The Transportation Department yesterday proposed a wide-ranging consumer protection rule for air travelers that calls for disclosure of on-time performance and may set service standards for airlines.
The department said it is considering a variety of approaches aimed at providing travelers with more accurate information about airline reliability and probably will develop a final rule by next month.
The action came as legislation calling for the disclosure of more consumer information for air travelers appeared to be gaining support in Congress and amid calls for increased government regulation to force better airline service.
Last month, Transportation Secretary Elizabeth Hanford Dole warned the chief executives of the major U.S. airlines that if they did nothing to stem the rising tide of passenger complaints, the government would take action. Her department received three times as many complaints about airlines in May as it did the same month in 1986.
Several carriers, including Continental Airlines and American Airlines, have asked the Transportation Department to require the disclosure of consumer protection information, especially on-time performance records. But the proposals offered for comment yesterday would go considerably further if finally adopted.
One proposal would require the establishment of a performance standard that airlines would have to meet or face government enforcement action, including possible civil penalties. Another would require changes in the way the industry's reservation systems display schedules so that they more accurately reflect daily performance.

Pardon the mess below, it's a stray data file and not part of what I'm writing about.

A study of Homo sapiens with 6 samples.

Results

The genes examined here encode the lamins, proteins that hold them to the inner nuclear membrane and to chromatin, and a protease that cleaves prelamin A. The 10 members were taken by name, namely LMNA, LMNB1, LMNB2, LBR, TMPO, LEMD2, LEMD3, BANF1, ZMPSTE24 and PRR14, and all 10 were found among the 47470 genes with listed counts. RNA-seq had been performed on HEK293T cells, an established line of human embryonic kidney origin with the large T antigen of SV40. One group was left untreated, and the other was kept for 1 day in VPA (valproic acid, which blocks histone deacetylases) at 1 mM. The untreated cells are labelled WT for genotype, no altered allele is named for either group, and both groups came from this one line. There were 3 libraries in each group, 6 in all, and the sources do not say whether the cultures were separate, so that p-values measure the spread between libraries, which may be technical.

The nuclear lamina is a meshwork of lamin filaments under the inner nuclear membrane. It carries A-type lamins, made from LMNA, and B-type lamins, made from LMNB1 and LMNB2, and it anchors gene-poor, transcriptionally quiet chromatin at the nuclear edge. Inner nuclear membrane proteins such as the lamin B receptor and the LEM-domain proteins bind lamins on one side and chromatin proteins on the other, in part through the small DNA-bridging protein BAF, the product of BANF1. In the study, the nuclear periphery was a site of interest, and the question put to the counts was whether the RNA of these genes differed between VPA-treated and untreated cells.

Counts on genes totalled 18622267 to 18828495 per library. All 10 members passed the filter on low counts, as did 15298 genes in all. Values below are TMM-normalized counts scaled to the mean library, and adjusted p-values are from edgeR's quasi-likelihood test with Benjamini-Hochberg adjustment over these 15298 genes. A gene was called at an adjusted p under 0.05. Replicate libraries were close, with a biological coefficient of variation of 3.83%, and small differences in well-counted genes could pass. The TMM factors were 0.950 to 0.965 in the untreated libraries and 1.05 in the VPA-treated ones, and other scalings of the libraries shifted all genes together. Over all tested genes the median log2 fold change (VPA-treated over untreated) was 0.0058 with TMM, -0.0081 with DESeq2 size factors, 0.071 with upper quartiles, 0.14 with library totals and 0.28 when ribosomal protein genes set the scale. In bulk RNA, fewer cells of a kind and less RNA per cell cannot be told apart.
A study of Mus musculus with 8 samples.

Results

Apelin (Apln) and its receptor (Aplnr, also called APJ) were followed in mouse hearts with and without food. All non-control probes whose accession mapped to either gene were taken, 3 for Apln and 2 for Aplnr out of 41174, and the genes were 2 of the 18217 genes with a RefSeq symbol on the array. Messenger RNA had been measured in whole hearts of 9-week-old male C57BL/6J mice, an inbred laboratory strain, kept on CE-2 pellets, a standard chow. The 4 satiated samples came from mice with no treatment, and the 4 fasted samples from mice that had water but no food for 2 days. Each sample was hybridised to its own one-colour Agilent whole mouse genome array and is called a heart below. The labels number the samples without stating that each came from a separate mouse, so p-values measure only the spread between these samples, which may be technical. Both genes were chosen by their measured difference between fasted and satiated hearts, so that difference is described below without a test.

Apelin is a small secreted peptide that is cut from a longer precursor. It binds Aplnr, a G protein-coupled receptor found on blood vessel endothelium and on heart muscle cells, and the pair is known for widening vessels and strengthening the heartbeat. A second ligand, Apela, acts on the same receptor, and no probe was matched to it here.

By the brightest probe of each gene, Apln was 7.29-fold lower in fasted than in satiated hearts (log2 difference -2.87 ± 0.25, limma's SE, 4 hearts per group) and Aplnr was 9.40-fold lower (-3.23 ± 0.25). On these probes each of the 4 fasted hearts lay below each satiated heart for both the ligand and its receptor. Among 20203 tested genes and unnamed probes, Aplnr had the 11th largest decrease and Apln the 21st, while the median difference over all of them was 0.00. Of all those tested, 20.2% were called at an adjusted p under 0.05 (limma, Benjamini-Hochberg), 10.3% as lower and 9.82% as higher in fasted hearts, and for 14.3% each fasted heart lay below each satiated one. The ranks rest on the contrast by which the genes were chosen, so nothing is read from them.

Department spokesman Hal Paris said that no decision has been made on which of the options will be chosen when a final regulation is drawn up after comments are received from the airlines and other parties.
The Transportation Department has been criticized for not moving fast enough to force airlines to improve service, cut delays and provide consumers with information on performance, cancellations and lost baggage.
Sen. Wendell Ford (D-Ky.), chairman of the Commerce aviation subcommittee, said yesterday that he was pleased with the department's regulatory action. "I think we have their attention," he said.